KEPHIS Headquarters, Nairobi – National Plant Protection Organizations from Kenya, Uganda, Tanzania, Burundi and Rwanda, experts of fruits and vegetables international standards, horticulture exporters and representatives from private firms are at KEPHIS Headquarters to discuss market standards, export and import requirements, food safety, traceability and emerging issues under the Fresh Fruits and Vegetables(FFV)schemes.
The workshop, under the auspices of the Organization for Economic Co-operation and Development (OECD), seeks to train the participants on the application of quality standards on fruits and vegetables, the standards required to exports the horticultural produce and the standards used to determine quality.
In 2017 for instance, Kenya’s fresh produce to the EU was intercepted 29 times due to harmful organisms in a crackdown that makes it difficult for Kenya to be removed from the European Union’s quality watch list.
The EU has placed Kenya on the radar as one of the countries with 10 per cent increased Maximum Residual Levels (MRLs), which are the set legal levels of concentration of pesticide residues in or on food.
Speaking when he officially opened the forum, the General Manager Phytosanitary Services Dr. Isaac Macharia noted that KEPHIS was keen on the quality of fresh fruits and vegetables that are exported to the key market of the European Union(EU).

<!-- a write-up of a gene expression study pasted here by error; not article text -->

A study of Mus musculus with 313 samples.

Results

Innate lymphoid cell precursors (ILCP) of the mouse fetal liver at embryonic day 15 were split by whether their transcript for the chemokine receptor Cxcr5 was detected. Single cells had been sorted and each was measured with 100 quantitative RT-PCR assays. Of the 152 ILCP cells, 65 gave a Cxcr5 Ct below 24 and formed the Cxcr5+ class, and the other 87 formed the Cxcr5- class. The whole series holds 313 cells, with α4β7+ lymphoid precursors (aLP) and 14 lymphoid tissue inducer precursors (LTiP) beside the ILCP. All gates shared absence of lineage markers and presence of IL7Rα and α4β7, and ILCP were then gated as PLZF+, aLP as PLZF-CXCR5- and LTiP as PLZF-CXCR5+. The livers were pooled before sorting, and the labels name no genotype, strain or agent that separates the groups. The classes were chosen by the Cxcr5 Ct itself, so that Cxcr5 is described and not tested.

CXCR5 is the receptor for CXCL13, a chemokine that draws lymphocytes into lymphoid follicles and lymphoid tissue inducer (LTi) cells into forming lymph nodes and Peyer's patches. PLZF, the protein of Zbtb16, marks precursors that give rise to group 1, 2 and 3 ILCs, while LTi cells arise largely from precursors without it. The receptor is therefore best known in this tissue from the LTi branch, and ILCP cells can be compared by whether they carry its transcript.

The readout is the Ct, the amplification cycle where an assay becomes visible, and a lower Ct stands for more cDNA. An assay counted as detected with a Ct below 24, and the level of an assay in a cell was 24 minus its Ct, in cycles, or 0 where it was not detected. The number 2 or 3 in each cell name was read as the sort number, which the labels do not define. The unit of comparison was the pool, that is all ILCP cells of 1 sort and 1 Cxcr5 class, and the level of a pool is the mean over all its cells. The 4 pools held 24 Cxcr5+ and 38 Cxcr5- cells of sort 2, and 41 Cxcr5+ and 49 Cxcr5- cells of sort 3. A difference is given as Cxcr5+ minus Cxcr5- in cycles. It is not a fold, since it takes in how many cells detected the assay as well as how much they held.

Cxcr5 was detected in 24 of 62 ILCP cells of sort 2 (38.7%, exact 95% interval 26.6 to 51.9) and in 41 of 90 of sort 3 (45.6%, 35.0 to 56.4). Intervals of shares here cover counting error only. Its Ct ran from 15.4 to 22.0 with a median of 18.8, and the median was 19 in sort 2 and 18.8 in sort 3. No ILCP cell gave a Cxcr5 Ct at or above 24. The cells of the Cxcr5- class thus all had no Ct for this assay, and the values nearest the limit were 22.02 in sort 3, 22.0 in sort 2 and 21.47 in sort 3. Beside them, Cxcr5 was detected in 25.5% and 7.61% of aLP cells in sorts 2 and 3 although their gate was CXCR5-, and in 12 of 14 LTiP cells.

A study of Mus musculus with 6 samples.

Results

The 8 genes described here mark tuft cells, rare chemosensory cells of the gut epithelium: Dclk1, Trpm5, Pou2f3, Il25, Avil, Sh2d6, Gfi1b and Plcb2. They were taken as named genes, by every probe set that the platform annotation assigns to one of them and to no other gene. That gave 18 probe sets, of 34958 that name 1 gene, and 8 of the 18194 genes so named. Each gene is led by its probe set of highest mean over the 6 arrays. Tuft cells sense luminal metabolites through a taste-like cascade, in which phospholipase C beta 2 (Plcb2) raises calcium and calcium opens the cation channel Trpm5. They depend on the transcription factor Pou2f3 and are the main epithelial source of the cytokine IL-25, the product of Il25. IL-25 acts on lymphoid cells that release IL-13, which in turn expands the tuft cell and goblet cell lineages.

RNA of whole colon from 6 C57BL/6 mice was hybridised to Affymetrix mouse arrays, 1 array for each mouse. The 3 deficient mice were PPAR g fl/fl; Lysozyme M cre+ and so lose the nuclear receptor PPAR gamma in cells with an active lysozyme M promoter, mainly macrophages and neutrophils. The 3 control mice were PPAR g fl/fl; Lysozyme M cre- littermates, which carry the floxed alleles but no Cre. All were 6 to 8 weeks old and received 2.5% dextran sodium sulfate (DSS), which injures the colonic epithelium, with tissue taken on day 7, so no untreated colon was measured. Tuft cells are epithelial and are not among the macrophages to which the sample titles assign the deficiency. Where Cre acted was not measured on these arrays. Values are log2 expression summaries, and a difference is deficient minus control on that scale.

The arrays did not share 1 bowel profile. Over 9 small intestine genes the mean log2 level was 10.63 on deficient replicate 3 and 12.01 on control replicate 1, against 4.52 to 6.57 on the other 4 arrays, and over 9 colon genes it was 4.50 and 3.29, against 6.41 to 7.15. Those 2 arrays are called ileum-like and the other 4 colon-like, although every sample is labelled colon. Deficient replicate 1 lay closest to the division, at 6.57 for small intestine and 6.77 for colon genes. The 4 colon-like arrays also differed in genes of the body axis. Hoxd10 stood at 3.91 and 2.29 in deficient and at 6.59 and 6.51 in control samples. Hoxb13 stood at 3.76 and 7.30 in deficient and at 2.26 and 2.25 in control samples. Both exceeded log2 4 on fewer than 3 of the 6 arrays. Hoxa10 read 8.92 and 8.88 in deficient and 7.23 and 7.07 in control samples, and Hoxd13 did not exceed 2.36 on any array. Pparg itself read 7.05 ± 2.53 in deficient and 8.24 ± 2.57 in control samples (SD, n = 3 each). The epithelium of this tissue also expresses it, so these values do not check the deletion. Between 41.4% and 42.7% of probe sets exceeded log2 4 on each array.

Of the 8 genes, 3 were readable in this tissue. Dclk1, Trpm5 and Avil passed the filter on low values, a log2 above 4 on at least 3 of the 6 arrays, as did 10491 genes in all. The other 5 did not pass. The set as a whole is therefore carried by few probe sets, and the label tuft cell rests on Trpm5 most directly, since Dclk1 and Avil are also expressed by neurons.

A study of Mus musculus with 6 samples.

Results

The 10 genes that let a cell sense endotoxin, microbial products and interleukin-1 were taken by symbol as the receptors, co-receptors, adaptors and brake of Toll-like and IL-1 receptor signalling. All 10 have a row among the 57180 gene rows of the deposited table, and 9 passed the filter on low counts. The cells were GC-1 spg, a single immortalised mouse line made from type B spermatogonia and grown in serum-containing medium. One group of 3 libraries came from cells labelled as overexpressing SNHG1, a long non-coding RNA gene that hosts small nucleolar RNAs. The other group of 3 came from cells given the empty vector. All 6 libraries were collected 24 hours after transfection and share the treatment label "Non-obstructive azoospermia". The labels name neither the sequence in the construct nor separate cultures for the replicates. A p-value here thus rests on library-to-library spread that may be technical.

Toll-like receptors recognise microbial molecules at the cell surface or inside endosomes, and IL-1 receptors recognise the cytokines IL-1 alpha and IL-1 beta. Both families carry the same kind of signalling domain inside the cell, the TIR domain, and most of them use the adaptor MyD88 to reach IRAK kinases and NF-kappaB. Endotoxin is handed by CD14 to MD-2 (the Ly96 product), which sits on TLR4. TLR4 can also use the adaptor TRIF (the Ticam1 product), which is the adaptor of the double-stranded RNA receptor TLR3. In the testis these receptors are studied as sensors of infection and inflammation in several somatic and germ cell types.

Moreover, the Organization was a member of the OECD and was part of several schemes of the OECD that is the seed schemes, forest seed schemes, the fresh fruits and vegetable schemes. Also, Kenya was in the Technical Working Group that discusses standards. Noting that the workshop was being held for the 5th time, the GM mentioned that KEPHIS focuses on food nutrition and security in FFV as they form the main part of export and local market. He also noted that, “of importance is affordable food that is safe for consumption and high quality produce to facilitate trade,” he stated.
The Ministry of Agriculture and Irrigation noted that nutrition and food security, which form part of the Government’s Big four agenda includes fruits and vegetables.
“As a ministry we will achieve food security if the food is safe,” he said.
He also emphasized that the country has a system of traceability which enables regulatory agencies, among others, to check on the process of producing food from the farm to export.
In addition, representatives from different countries shared experiences and challenges, appreciating the rules and regulations put in place by the different countries and looking forward to harmonizing these policies.
Kenya earns approximately Sh100bn annually from the sale of flowers, fruits, vegetables and herbs whose entry into export markets are largely determined by adherence to export quality standards.